There are several topics up on the Lynxmotion forums on how to debug USB/Serial communications to the SSC-32 or other processors, such as: http://www.lynxmotion.net/viewtopic.php?f=2&t=4702
If that topic does not help, I think I would start by breaking down the problem to see where the issue is.
First thing I would do would be to double check the jumpers on the SSC-32. Things like what baud rate jumpers are in place. Also do you have the TX/RX jumpers in place to use the RS232 connector? Is the VS1=VS2 jumpers in place?
If you have not done so, I would download the program: Lynxterm (http://www.lynxmotion.com/images/files/firmware/ltrm111.zip
I would then configure lynxterm to your Serial port number and baud rate. Make sure the baud rate matches what you have the SSC-32 baud rate jumpers to. Then click on connect.
Hopefully it connects... Then in the terminal window type: ver<cr>
Hopefully it will return the version string like: SSC32-V2.07Alpha1A-EGP
If this worked than we know that we have the correct com port, baud rate and power to the logic side and the processor is still working.
If this does not work, I would personally probably unplug all of the servos from the SSC-32 and try again and see if that works...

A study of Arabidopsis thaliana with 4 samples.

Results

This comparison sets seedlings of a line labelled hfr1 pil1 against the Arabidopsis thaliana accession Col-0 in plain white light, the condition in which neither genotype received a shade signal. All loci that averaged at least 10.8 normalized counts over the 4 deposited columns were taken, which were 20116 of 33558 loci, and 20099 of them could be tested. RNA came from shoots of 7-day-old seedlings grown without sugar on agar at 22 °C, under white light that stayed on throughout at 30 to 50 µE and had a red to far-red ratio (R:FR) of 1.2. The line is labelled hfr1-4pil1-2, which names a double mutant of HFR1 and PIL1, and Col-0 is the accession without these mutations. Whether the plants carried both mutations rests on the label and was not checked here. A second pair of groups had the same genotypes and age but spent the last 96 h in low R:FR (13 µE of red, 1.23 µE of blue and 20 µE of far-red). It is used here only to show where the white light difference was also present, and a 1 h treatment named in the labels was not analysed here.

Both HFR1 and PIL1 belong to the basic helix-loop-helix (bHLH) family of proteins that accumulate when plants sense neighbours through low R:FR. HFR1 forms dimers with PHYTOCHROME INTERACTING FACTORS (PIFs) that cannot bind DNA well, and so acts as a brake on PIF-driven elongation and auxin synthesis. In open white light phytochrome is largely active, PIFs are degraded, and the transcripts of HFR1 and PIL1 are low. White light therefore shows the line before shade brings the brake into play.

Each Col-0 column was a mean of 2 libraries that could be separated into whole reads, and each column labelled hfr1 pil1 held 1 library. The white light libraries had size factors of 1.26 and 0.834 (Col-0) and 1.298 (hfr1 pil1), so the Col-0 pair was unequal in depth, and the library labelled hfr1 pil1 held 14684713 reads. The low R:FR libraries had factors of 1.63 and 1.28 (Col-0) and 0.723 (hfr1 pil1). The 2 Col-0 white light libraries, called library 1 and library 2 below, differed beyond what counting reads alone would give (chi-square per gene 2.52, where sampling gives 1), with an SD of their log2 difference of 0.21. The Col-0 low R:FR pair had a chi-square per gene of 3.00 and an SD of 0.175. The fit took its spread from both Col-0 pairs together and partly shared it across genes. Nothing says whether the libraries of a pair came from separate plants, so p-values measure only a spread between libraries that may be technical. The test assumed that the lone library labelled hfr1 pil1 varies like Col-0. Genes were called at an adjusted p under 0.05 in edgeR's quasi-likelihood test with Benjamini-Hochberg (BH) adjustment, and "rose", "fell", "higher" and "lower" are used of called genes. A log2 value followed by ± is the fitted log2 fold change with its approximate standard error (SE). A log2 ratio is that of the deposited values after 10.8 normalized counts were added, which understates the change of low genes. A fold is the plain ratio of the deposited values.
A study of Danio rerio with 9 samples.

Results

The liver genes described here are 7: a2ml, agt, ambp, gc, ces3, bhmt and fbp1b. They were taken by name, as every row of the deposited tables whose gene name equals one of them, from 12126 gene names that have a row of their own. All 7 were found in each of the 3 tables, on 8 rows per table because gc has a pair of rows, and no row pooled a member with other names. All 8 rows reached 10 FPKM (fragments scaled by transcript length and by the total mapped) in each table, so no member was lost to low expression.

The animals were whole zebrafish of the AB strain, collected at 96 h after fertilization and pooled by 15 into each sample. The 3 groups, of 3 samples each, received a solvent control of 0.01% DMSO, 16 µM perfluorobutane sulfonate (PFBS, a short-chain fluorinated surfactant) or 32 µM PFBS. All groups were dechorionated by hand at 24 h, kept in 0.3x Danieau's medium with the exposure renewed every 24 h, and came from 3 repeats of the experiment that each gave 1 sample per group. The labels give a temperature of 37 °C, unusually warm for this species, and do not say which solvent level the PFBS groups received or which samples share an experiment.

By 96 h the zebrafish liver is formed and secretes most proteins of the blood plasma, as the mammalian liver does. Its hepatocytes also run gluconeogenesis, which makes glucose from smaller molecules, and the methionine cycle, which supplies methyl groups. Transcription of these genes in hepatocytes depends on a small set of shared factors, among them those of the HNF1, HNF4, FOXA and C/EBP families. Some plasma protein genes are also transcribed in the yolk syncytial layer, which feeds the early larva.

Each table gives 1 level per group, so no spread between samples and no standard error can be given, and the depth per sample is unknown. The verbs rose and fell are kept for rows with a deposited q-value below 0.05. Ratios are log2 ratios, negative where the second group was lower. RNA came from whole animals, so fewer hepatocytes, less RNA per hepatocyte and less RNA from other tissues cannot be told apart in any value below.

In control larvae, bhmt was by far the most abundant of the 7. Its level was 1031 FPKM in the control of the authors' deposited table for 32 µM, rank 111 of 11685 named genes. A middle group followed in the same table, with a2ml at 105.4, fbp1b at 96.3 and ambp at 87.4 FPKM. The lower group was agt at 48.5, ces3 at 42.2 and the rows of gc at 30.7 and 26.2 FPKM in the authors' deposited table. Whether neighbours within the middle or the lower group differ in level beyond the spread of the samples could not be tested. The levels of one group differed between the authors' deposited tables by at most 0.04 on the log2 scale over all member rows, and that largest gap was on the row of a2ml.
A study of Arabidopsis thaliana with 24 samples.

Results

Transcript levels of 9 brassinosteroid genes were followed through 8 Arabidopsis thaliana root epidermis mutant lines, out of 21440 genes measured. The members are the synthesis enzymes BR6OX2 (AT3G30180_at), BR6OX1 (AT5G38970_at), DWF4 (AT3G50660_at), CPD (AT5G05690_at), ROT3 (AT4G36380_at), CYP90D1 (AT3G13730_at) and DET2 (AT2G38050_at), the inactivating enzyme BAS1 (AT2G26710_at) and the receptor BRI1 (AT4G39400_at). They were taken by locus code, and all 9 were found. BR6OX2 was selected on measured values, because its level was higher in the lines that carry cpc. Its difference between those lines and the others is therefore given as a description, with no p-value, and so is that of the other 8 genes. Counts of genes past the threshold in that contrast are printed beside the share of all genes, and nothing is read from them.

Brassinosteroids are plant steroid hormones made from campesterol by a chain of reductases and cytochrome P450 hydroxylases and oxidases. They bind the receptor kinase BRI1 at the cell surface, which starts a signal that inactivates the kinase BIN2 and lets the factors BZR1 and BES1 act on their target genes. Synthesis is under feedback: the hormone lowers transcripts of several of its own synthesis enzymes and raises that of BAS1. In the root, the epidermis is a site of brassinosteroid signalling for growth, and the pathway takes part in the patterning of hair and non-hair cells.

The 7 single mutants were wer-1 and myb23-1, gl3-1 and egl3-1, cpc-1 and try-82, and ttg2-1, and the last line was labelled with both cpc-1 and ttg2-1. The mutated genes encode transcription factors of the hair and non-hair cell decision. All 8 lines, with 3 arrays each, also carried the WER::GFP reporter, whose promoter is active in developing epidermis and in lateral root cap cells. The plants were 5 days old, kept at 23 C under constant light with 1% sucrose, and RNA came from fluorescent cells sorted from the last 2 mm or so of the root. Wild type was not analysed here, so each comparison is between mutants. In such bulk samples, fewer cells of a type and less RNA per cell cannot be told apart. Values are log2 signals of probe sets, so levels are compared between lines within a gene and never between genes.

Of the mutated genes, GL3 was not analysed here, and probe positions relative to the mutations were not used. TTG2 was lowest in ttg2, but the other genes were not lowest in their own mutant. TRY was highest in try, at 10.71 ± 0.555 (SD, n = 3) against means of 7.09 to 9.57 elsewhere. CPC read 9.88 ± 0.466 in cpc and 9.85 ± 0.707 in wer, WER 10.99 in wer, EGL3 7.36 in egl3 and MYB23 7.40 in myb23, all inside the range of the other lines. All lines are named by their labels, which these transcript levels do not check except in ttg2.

Also: when you first supply power to the SSC-32 does the LED come on? If so when something tries to communicate with the SSC-32 does the LED flash? If so it says the SSC-32 is getting some input, does not say it is valid input or even the right baud rate, but it at least is seeing something.
If you get the "VER" test to work, I would probably click on the "All=1500" button and see if all of the servos go to their center point. If that works it looks like there could be an issue with FlowArm which is a flowstone program... Unfortunately I have not done much with flowstone and don't have my Arm currently setup to hook up to a PC...
If none of the above works, I would probably start hardware debugging. Things like what voltage is going into the voltage regulator and what is coming out. Is that voltage making it to the Atmega chip... But I am pretty sure you know better than I how to do this.